How animals change vegetation
Herbivores eat, damage and trample on plants. Across the world they have an enormous influence on the types of vegetation found in a landscape.
When herbivores disappear from a place, the vegetation changes. Plants that were previously eaten, have the chance to spread. Anything that was trampled has the opportunity to grow tall.
In northern Eurasia and Beringia, where mammoths once roamed with bison and horses, their heavy grazing suppressed woody growth and encouraged grazing-resistant grasses. The grasses dried out the upper soils, reducing waterlogging. With the megafauna extinction, the waterlogging returned.
Carnivores shape landscapes too by controlling the movements of herbivores. They prevent population explosions by eating herbivores and also create a “climate of fear.” After wolves were reintroduced to Yellowstone in 1995 the park’s elks had to stay on the move and couldn’t graze so intensively. This helped the park’s Willow trees to recover, which then benefited the local beavers. (For more about this story visit Yellowstone Park’s website.)
The absence or presence of large animals in a landscape changes it. Imagine how great the changes to vegetation are when the animals that disappear are the size of mammoths, giant ground sloths and sabretooth tigers!
How megafauna extinction changed vegetation
In 2016 an article was published in PNAS about the impact of megafauna extinction on vegetation. The authors (Mahlia, Doughty, Galetti, Smith, Svenning and Terborgh) observed that we live in a world shaped by the absence of megafauna.
the loss of megafauna may have an enduring but little-recognized legacy on the functioning of the contemporary biosphere. Much of our current understanding of ecosystem ecology and biogeochemistry has been developed in a world artificially depleted of giants. Article title “Megafauna and ecosystem function from the Pleistocene to the Anthropocene”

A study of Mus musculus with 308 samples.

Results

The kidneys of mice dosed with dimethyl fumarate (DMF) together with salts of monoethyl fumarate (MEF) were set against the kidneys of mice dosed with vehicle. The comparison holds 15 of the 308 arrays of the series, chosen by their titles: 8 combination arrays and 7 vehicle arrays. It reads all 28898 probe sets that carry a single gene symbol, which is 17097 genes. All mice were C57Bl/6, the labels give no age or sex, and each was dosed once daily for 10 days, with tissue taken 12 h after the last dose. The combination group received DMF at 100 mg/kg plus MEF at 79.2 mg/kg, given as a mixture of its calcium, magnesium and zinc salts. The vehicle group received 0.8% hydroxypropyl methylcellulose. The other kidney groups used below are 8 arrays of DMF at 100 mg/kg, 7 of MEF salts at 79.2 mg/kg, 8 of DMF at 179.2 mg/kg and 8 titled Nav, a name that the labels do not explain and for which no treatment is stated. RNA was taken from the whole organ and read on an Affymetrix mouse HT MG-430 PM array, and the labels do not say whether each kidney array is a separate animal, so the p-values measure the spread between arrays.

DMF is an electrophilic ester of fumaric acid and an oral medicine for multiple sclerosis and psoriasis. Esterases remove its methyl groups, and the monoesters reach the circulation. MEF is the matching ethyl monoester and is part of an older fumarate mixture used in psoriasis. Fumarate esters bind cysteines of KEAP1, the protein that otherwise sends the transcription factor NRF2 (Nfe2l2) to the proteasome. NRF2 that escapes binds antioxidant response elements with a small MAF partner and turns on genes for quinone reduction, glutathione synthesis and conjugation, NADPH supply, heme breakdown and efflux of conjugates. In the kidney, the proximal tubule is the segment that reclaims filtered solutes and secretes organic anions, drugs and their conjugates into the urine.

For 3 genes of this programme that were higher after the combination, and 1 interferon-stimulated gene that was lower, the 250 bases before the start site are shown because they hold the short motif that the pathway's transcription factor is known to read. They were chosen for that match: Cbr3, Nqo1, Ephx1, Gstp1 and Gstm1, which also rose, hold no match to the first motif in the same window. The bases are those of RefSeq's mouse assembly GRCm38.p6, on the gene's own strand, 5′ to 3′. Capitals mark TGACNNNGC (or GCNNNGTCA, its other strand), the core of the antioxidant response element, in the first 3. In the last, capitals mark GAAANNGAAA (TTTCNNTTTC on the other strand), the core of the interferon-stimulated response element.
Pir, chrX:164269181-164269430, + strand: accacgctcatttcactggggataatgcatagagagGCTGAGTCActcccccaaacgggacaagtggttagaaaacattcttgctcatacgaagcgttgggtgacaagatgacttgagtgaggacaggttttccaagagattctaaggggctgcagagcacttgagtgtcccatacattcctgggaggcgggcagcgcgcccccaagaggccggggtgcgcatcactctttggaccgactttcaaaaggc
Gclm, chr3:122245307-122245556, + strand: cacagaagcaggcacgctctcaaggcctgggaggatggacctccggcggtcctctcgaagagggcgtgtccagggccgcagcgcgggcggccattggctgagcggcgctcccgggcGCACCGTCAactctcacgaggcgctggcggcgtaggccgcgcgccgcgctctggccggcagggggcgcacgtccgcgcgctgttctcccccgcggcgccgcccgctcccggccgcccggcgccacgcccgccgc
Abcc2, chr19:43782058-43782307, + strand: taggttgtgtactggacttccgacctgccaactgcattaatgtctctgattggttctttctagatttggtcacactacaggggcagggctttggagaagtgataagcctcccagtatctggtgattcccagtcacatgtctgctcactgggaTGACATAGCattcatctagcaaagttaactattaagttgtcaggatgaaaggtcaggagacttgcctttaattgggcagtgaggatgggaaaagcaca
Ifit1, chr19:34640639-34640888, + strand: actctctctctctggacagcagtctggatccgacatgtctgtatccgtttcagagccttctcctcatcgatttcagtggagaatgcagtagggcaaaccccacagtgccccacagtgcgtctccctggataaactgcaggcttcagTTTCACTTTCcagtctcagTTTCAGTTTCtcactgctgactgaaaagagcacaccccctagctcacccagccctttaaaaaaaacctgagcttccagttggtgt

The authors looked at the disappearance of megaherbivores, plant eating animals weighing 1,000 kg or more, and also megacarnivores, meat eating animals weighing 100 kg or more.
The authors explain that there are three categories of ecosystem function.
- Green world: vegetation growth controlled by nutrient and water availability
- Black world: vegetation growth controlled by fires
- Brown world: vegetation growth controlled by vegetation
When megaherbivores disappear, a brown world can become either a green one or a black one. (This is not a set in concrete rule, and other environmental factors may cause exceptions to it.)
In a black world, a fire-controlled system, the plants that succeed are those that have adapted to make fire a part of their life cycle.
Fires sharply increased at Lynch’s Crater in northeast Australia after a reduction in megafauna around 40,000 to 42,000 years ago. At the same time the landscape changed from mixed open woodland to a dense forest “dominated by fire-adapted sclerophyll trees.”
The authors say it’s likely also that megafauna decline in eastern North America “caused an enhanced fire regime and the replacement of open and patchy woodlands by forest.”
In Europe the loss of megafauna led to transitions from a brown world to a green one. In northwest Europe the megafauna helped to create a mixed woodland environment with areas of dense trees and areas of open parkland. After the megafauna extinctions the land became dominated by “relatively dense tree cover.”
Most of the information and quotes on this webpage come from the article “Megafauna and ecosystem function from the Pleistocene to the Anthropocene.” There is a lot more to the article than I’ve mentioned here, so please do read it if you can.